One of my favorite walk around and people photography kits is the Canon 1D Mark III pro dSLR camera matched with the lovely Canon EF 135mm f/2.0L lens.
Given the 1.3x crop factor of this camera, this combination in effect gives me telephoto reach of a 176mm lens on a full frame camera.
This focal length allows me to be more versatile in selection of backgrounds by virtue of compression of the perspective, while the f/2.0 wide aperture allows one to make the subject pop by having a shallow depth of field (in most situations, a touch too shallow hence I often use f/2.5 or f/2.8 for people photography), and it renders the background with a lovely smooth bokeh.
If you are shooting into a light source, using the lens shade is a must to minimise internal lens flare which is the main issue with this lens.
My biggest problem with this outfit is that it is so big and heavy, I usually don’t bring it with me unless I have something specific in mind.
I have been searching for a similar image drawing outfit with my Micro Four Thirds camera – the now very cheap, Panasonic GH-1 (you can buy it for about a fifth of the price of a Canon 1D Mark III).
I tried the Canon EF 85mm f/1.8 lens, which although is a very nice lens, suffers from considerable purple fringing.
Last week, I received the Rokinon (Samyang) 85mm f/1.4 manual focus lens in Canon EF mount which I bought from Amazon.com for the ridiculously cheap price of $US265.
Now this lens on the GH-1 gives a telephoto reach of 170mm and a depth of field at f/1.4 similar to what my Canon outfit above would give me, furthermore, this 85mm lens is reknown for its buttery smooth background bokeh.
So how would a GH-1 kit you can now buy for well under $US1000 compare with a $US4000 Canon pro outfit?
Of course with the GH-1 you will have to resort to magnified live view for accurate manual focus but at least this is much easier than on a dSLR with its annoying mirror, and thus you may be more limited to relatively stationery subjects, but that suits me fine, as long as I can get a similar image quality at a third of the weight and size, then I will be happy.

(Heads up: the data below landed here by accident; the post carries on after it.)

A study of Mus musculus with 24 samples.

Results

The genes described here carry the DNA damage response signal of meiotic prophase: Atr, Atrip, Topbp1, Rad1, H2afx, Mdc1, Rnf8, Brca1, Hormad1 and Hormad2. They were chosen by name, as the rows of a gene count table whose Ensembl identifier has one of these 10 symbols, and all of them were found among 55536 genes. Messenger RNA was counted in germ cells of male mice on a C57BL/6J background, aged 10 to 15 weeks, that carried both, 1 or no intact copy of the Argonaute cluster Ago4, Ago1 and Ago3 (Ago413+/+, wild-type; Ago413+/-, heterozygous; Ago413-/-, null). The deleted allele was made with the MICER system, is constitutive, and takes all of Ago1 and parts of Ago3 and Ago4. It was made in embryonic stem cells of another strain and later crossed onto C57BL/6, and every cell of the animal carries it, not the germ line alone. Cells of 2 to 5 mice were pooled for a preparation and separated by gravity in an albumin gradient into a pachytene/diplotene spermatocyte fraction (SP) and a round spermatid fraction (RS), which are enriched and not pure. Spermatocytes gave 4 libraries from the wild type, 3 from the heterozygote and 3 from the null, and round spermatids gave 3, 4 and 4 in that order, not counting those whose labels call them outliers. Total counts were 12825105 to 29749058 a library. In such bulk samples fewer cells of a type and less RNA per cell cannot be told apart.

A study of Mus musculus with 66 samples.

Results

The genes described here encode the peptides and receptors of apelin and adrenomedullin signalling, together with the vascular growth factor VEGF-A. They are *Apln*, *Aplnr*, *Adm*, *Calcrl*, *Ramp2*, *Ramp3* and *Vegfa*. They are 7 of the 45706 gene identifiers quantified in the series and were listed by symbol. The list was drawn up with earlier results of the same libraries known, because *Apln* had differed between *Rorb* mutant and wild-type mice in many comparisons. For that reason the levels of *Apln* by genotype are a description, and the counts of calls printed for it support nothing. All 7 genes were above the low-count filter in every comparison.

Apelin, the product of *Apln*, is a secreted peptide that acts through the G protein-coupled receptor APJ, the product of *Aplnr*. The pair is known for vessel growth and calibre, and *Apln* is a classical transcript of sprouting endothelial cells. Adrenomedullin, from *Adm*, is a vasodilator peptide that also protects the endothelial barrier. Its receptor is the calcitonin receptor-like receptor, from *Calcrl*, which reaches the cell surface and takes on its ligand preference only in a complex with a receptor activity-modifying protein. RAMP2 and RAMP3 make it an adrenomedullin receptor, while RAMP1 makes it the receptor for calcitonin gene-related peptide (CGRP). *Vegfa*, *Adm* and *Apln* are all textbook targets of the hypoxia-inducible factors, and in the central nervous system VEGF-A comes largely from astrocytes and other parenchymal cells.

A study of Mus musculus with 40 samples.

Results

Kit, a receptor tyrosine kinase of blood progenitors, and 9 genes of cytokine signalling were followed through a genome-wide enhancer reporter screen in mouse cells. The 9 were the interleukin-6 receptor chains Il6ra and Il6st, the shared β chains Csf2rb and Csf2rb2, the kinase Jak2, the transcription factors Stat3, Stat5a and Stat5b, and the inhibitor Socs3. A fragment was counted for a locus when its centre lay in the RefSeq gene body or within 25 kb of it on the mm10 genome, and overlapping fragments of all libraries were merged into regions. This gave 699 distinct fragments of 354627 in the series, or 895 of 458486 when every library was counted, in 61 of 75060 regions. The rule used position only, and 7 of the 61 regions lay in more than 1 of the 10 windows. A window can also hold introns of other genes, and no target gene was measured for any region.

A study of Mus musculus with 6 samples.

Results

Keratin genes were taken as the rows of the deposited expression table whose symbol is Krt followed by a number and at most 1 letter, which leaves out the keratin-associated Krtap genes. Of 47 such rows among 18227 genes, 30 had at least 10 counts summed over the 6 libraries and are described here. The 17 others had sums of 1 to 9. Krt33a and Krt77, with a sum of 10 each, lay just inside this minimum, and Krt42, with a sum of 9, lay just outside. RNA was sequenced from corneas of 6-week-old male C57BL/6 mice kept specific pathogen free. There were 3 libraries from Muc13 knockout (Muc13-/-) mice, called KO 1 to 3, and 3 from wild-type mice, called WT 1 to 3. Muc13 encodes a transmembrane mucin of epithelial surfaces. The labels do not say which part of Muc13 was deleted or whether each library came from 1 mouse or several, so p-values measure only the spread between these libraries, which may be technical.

Here are a few shots of each camera taken from identical positions at wide open aperture, hand held as I would normally take them, and focussed on similar spots with no post processing of the in-camera jpegs other than merging and then resizing and compressing for the web. Note I did not use a lens hood for any of these shots, as forgot to bring it for the 85mm so to be fair, I left it off the 135mm lens – something I would NEVER normally do for that lens! The sun was not directly hitting the lens glass in any of these images.
Click on the images for a larger view. I will tell you which is which at the bottom of this post.
OK, have you decided which you would prefer or are they both similar enough you would be happy to use either?
1st image, the Canon is the top one, while the other two images, the Canon is the image on the left (with the unfortunate vertical line I stuffed up in my editing of the files, and I apologise too for the jpeg compression artefacts – I am not used to Corel’s software which I have had to resort to as my laptop with PS on it just died).
In the 2nd image taken late in the afternoon, the Canon 1D Mark III rendered it a lot cooler than in reality.
The important point in these images is how the background is rendered – almost identical – and that purple fringing is not problematic in any of these.
I think I am on a winner here with this 85mm lens – and it has manual aperture control, plus I can use it on the Canon 1D Mark III if I wish.
I can’t see much difference between the two, other than the more contrasty rendition by the Panasonic (I forgot I had it set to Dynamic Film Mode), and perhaps the 85mm lens draws out of focus foregrounds less well, and it may be a touch less sharp wide open.
For those who are budget challenged, or who just want a small kit to carry around, the Rokinon 85mm f/1.4 is worth a look at that price!
For those who need 10fps, relatively fast AF, weatherproofing, TTL flash, remote TTL flash, or flash sync 1/500th sec (with Pocket Wizards) for outdoor fill in flash in the sun at wide aperture, then you will have to keep your Canon kit as the Panasonic outfit just won’t cut it on these requirements.